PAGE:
A “Serial Evictor” Fixes His Sign

On Wednesday morning, two workmen were fixing some of the screws in the office sign on 22nd Street that belongs to Kaushik Dattani, a tax preparer and property owner in the Mission.

Tuesday had not been a good day for him as protesters held two actions in front of his office, drawing attention to his tenant evictions.

See this and other Mission SNAPS from the day here. 

Filed under: Mobile, SNAPS, Today's Mission


    Schmucky protestors probably messed up his sign. Defacement/destruction of property, that’s what them hooligans probably did. Hypocrites.

    • landline

      Nothing that you speculate about happened.

      Don’t let reality get in your way of name calling, however.

      Freedom of assembly equals hooliganism. The condition of a sign (which in this instance was untouched except by workers removing and replacing it) is more important than people trying to save their home. Nice world you live in.

  2. poor.ass.millionaire

    The guy is a law abiding citizen, probably an immigrant (name), just trying to pursue the American dream. Only to get harassed by a bunch of angry, aggressive, spiteful white Americans. He probably feels intimidated.

    I’ve said it once, and I’ll say it again. Hate the game, not the player.

    • John

      I find myself wondering what these activists really want. Zero no-fault evictions? No rent increases ever? Mandatory rent reductions? Lifetime leases?

      Now suppose they got all that, and repealed Costa-Hawkins and Ellis as well. Then what? Do they seriously believe that there would be any new rentals offered?

      What property owner in his right mind would then offer a unit for rent. The entire rental market would vanish.

      If there is a need for the poorest city residents to be subsidized, then that should be funded by the city, and not on the backs of individuals like Dattani whose only crime, as far as I can see, is his determination that some of his properties are not viable as rentals.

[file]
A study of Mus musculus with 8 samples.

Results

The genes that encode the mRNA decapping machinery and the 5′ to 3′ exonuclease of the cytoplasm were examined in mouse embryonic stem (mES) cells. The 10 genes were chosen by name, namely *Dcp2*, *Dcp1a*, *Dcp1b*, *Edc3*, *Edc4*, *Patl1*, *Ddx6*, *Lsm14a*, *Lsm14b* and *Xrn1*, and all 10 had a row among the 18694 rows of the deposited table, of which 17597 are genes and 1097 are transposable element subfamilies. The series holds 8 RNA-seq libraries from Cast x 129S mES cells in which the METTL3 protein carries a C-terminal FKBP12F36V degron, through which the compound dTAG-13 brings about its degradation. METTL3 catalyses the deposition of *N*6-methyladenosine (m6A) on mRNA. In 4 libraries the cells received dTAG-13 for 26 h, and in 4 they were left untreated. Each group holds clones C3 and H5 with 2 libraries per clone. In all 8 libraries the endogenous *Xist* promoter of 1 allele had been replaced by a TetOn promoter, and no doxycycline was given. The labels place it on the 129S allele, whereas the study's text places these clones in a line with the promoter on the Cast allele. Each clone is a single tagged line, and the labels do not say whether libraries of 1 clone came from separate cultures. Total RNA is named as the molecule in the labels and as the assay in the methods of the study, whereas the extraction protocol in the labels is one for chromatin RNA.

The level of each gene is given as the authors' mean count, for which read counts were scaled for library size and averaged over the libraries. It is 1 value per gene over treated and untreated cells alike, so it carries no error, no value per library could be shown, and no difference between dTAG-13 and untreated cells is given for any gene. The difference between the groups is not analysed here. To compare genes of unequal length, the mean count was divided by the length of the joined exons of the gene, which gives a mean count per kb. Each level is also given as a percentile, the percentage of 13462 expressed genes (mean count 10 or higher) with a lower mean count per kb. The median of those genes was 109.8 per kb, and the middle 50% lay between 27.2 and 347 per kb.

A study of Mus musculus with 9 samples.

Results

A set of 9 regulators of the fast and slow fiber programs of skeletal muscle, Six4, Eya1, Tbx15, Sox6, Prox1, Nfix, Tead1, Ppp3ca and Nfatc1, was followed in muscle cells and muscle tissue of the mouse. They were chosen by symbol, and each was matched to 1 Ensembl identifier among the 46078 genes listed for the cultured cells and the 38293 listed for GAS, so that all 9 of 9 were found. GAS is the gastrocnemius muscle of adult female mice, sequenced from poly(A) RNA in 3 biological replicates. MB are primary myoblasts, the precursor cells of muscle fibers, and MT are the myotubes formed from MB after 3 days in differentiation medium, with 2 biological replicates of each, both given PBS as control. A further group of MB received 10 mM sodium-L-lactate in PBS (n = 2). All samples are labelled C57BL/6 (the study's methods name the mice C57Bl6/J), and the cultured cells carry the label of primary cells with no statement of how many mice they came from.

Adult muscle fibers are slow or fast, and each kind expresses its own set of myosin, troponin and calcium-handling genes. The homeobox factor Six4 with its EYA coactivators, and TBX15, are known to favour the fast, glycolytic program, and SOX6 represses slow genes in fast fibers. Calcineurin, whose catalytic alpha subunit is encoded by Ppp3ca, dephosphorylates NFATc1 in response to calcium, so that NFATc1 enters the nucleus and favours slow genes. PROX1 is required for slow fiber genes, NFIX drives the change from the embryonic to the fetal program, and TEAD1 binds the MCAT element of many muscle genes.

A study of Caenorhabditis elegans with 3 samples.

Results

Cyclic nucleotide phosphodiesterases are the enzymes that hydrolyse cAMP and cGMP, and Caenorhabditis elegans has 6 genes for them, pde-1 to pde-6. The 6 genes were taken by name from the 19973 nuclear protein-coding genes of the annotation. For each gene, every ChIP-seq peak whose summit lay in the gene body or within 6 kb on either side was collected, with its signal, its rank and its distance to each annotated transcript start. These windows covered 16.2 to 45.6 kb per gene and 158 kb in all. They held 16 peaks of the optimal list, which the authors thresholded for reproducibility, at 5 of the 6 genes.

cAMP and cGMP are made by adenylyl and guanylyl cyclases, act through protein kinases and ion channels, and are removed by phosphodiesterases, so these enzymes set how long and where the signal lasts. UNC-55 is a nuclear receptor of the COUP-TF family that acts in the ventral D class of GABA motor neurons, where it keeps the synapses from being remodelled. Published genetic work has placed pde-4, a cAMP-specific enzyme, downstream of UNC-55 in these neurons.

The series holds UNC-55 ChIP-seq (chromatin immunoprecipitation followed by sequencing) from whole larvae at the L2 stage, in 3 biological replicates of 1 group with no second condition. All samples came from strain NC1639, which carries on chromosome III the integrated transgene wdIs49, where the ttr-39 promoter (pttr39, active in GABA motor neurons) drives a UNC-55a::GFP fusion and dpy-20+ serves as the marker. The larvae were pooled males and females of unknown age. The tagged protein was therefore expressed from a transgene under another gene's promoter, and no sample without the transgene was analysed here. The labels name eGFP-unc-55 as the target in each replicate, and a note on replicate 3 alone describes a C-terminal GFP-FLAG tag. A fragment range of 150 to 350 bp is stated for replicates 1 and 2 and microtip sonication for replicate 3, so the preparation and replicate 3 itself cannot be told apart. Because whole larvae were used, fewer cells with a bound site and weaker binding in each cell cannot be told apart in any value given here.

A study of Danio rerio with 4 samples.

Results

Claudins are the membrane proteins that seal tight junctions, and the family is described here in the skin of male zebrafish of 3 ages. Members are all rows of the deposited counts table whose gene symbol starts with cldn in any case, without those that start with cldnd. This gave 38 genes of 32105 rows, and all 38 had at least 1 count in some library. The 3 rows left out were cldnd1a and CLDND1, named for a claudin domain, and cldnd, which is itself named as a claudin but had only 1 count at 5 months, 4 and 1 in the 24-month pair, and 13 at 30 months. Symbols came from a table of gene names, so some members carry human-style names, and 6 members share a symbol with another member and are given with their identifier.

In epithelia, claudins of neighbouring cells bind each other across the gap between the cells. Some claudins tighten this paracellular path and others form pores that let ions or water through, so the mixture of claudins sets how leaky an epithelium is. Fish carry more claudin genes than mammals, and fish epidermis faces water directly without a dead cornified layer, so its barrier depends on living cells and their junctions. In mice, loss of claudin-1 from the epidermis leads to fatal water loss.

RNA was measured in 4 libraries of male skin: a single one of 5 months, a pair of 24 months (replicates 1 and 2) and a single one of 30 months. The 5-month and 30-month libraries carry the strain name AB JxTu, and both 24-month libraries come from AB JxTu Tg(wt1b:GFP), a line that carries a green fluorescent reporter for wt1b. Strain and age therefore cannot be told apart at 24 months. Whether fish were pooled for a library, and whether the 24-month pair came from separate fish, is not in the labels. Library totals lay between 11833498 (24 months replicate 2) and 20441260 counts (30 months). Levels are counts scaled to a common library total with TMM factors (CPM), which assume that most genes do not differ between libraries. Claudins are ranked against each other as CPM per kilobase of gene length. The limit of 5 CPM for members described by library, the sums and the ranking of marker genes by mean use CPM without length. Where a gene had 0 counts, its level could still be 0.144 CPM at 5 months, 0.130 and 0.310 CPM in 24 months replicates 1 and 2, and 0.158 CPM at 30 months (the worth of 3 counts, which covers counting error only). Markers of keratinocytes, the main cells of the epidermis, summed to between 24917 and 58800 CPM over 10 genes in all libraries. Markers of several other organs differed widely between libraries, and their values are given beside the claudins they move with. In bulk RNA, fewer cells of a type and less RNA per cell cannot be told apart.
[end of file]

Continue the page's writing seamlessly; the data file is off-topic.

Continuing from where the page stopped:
The rest of the market should be liberalized, to end these wars and bad behaviors.

      • marcos

        Reductio ad absurdum.

        • John

          I suspect that many people who supported rent control in 1979 and look at it now would probably assess the outcome as absurd.

        • poor.ass.millionaire

          Absurd? Exactly. With pandering politicians, the rent board, non profits, free advocacy lawyers, and a melange of misfit protesters, it has turned into the Rent Control Industrial Complex ™ in this city.

        • two beers

          Correct, marcos. John’s posts would make excellent source material for a college course on logical fallacies. He’s a veritable encyclopedia of “dislogic..”

          His ubiquitous presence here, and his aversion to fact and logic, suggest he understands that the prime function of the propagandist is to dominate discourse, and not to convince through actual logic or facts.

          • marcos

            Dominate and cloud the discourse and when that fails, beg the question by changing the subject.

            Here, “John” (or is it Phil?) takes the latin for the logical fallacy of reducing an argument to its most absurd and pretends that it means “your argument is absurd,” and then changes the conversation to something else that Phil thinks is absurd.

          • John

            The fact that you think a “reductio ad absurdum” is a logical fallacy shows that you have a flawed knowledge of logic.

            I can only assume that two beers shares that fallacious view although he did not express it so unequivocally as you did.

            A RAA is a valid form of logical argument. It is used to disprove a premise P by showing that P logically entails a conclusion C. If C can then be shown to be false, then P must be necessarily false as well.

            The false form of a RAA is the much-overused expression “straw man” where C does not follow from P, and so C is really a distraction or red herring used mischievously to discredit P.

            In this case, I was simply asking PAM (or anyone) a question as to what these activists seek, ideally, as there appears to be no rational limit to what they want.

            Apparently neither you nor anyone else can answer that question.

          • marcos

            A false argument similar to reductio ad absurdum often seen in polemical debate is the straw man logical fallacy. A straw man argument attempts to refute a given proposition by showing that a slightly different or inaccurate form of the proposition (the “straw man”) has an absurd, unpleasant, or ridiculous consequence, relying on the audience not to notice that the argument does not actually apply to the original proposition.

          • John

            You are now starting to understand the distinction that I outlined.

            No need to explicitly thank me for the clarification.

          • marcos

            Change the subject from your fallacious argument to my comment on it, conceding the fallacy of your appeal.